Thursday, June 9, 2011

How Angel Peterson Got His Name: an audibook review

Paulsen, Gary. 2011. How Angel Peterson Got His Name: And other outrageous tales about extreme sports. Read by Patrick Lawlor. Brilliance Audio.
(2 hours, 10 minutes)

Now here's a book of which we don't see too many.  Looking for an available audiobook to download, I came upon this one and chose it merely because it was written by Gary Paulsen, author of last year's Woods Runner.  From the cover art, it looks to be a juvenile chapter book - but it's not.

Think of all the America's Funniest Videos shows that you've seen featuring crazy stunts performed by teenage boys. Imagine similarly crazy stunts performed in the wilds of 1950s and 1960s Minnesota (Bungee jumping anyone? All you need is a barn roof, a pulley and a truck tube!) Now imagine those stunts in the printed or spoken word. And finally, imagine them with a long and humorous "set-up" by the funny and talented Gary Paulsen. Now you've got the gist of How Angel Peterson Got His Name.

First published in 2003, released this year in audiobook, How Angel Peterson Got His Name is a young adult book and a memoir of sorts.  I say "of sorts," because in it, Paulsen shares stories of his boyhood (and a wild and reckless boyhood it was!), but in each of the hilarious anecdotes, Paulsen is not the star player, but a member of the supporting cast.  He is the one waxing the skis for the skiing speed record attempt (Who needs a hill when you've got a V-8 engine to assist?).  He is the one hoisting the WWII surplus parachute into the air for what could arguably have been the first hang-gliding attempt. He is the one who is not(?) peeking under the canvas flap to see the circus "hoochie coochie" women.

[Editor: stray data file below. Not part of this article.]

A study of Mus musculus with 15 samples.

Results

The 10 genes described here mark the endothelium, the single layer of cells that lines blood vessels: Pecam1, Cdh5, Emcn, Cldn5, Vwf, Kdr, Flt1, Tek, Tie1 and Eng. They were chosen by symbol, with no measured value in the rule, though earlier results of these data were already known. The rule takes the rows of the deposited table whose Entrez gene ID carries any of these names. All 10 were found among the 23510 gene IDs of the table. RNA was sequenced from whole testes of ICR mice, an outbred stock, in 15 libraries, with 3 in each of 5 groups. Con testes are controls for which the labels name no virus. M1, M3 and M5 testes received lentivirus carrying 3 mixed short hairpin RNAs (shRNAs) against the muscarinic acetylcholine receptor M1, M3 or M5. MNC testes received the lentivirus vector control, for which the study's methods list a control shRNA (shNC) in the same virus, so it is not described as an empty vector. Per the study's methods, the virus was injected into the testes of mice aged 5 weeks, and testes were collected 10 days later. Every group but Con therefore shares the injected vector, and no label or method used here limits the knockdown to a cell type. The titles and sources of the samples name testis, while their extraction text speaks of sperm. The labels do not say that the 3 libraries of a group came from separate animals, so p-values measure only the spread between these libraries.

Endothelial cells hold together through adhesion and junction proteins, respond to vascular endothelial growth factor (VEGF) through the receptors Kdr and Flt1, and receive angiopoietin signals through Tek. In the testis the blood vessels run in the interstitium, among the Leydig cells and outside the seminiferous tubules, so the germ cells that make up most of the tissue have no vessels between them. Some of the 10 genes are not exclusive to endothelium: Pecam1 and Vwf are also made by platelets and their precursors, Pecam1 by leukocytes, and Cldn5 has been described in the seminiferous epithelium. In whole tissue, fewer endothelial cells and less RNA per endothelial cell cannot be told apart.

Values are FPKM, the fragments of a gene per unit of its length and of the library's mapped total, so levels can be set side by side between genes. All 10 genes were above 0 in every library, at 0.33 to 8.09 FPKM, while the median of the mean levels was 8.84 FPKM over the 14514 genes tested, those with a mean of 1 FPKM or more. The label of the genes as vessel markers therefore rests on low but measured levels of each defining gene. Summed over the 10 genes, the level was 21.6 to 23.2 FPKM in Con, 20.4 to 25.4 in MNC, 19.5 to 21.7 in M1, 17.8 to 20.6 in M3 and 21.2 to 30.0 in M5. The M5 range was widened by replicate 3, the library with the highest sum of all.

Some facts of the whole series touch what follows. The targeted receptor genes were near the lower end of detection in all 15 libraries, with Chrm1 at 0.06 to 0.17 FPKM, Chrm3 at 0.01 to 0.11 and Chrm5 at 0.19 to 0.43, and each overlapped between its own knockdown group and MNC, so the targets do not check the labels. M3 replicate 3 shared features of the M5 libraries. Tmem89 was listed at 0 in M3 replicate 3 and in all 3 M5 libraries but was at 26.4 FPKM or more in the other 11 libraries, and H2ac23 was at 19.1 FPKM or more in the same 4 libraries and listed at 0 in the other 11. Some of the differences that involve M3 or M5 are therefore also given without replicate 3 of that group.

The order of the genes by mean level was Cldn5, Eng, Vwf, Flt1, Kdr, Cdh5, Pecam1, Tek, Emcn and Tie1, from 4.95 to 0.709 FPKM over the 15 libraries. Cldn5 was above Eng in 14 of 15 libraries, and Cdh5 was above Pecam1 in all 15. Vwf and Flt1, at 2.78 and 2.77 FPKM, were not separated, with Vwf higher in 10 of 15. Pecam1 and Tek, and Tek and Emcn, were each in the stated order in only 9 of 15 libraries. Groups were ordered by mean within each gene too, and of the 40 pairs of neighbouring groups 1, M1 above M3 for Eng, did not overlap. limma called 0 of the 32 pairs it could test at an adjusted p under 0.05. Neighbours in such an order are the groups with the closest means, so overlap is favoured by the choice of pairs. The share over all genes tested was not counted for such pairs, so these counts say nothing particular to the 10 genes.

Award-winning narrator, Patrick Lawlor, does a superb reading of How Angel Peterson Got His Name.  Despite being many years younger than Paulsen, listening to Lawlor is like sitting at the foot of a beloved uncle (dads don't tell these kinds of stories) while he spins yarns about the past.

At 72 years young, Gary Paulsen has seen many changes in his life.  Listeners may find a few tidbits from the book to be shocking, such as the accidental electrocution of many a curious cat, when televisions, with their super-charged vacuum tubes were first introduced.  Or young boys using "live pucks" for hockey practice. (Paulsen mentions cats or chickens)  While the past sometimes seems more glamorous or exciting, these are the smaller things that remind us that progress is good. However, some things never seem to change.  I am reminded of the old adage, "boys will be boys." May it ever be so.

Read about Gary Paulsen here.  He's an American treasure.

Note: My gmail account was hacked today. (My apologies if I sent you an email in broken English entreating you to buy a computer!)  When "my" emails were reported as spam, Google shut down my blog for a short time. (Thanks, Google, for giving it back!)  Moral of the story: Always back up your blog and change your password often!


  1. Sounds like a great book, thanks for sharing.

  2. How fitting that after I post this with the comment “Boys will be boys. May it ever be so,” my son breaks the garage window - again!